Maria Fernanda Cardoso describes While I Live I Will Grow as a 100+ year performance of Queensland bottle trees. A large spiral sandstone sculpture with bottle trees which will mature into magnificent bottle-shaped giants. The trees will grow together alongside the new and existing community of Green Square.
Watch behind the scenes as this artwork is brought to life:
Back to nature
This project combines the artist’s 4 other selves: the sculptor, the naturalist, the architect, and the gardener.
“Both of my parents were architects. I also studied architecture for two years before moving into art,” says Cardoso. “I integrate this spatial training with my background as a sculptor, with my naturalist training, and last but not least, with my gardening experience.” Cardoso continues:
“While I Live I Will Grow is a chance for me to work ‘in the world’ rather than a gallery space. The city is now the playground. My task is to provide the bottle trees with a stage so people notice them. We often neglect the natural world. I want to bring the natural world back into the studio, into the museum, and now back to the city.”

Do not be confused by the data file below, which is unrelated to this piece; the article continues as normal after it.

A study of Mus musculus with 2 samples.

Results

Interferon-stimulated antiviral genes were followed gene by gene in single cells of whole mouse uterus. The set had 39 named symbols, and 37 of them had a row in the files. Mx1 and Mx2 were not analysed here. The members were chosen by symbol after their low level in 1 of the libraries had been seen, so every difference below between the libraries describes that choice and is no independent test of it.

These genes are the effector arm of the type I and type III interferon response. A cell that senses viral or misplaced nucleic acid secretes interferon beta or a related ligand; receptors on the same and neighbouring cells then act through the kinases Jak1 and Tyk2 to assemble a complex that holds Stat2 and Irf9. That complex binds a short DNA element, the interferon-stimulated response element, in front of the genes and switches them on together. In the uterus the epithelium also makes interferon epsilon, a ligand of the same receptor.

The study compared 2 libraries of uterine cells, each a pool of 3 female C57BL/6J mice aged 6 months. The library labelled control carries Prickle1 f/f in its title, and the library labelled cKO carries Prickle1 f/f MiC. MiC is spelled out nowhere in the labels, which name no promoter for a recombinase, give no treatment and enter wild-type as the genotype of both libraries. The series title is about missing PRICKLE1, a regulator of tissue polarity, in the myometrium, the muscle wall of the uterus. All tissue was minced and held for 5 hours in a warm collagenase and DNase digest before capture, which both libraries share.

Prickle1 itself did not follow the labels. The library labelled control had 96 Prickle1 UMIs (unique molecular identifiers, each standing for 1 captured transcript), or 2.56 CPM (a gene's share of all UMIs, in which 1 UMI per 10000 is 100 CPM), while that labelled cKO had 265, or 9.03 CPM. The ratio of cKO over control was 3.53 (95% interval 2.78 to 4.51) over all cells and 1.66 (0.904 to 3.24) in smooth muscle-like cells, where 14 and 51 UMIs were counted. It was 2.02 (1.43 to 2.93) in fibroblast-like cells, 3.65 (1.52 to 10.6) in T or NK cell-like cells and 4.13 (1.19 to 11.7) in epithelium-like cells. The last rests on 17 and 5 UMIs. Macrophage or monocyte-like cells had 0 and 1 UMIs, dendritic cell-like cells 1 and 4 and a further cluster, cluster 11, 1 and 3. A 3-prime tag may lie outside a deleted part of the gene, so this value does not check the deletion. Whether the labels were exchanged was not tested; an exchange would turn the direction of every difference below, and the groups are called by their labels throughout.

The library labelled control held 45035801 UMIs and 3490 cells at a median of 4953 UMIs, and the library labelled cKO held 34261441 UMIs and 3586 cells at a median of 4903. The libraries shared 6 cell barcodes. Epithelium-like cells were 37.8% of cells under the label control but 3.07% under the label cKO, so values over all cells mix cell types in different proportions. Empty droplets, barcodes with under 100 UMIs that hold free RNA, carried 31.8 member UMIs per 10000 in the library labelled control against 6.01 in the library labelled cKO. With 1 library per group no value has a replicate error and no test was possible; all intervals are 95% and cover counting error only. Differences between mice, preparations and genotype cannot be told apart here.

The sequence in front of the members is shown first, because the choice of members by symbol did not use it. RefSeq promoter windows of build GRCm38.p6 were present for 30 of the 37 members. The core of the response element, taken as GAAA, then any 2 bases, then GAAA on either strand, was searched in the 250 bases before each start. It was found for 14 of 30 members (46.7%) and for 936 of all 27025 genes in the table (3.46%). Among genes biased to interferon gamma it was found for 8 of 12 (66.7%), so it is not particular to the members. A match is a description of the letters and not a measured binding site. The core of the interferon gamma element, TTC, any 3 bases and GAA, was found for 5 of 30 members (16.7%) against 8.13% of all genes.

While I Live I Will Grow imagines the idea of growth in multiple ways.
“We humans tend to think that aging is bad – we tend to believe that we lose our beauty, our vigour, our health. But trees don’t think like that. The older they are, the more magnificent they become. They are a great inspiration to me.”
Residents of Green Square will share their lives with one of the most unique Australian natural wonders. The bottle trees will double their girth every year, their spectacular growth and transformation on full display.
The sandstone element of the artwork also reflects the idea of growth, using a form that expresses this in nature – the spiral. Fossils, snail shells and flowers all feature spirals in their make up.
“Rotational movement is one way life builds itself. Stacking a spiral on top of another creates movement and a strong visual cue,” says Cardoso.
Unlike a traditional gallery exhibition, this artwork will not be seen for a few months, but for decades. For Cardoso, this extended lifespan brings tremendous satisfaction.
She is also aware of the response people are likely to have.
“I’ve been told people love bottle trees and like to hug them,” she says. “Bottle trees have an anthropomorphic character, with their smaller ‘head’ and larger ‘body’. The idea is that they become surrogates for humans, symbolising the growth of the surrounding community.”
“I hope people will love this artwork, I hope it becomes a very special place.”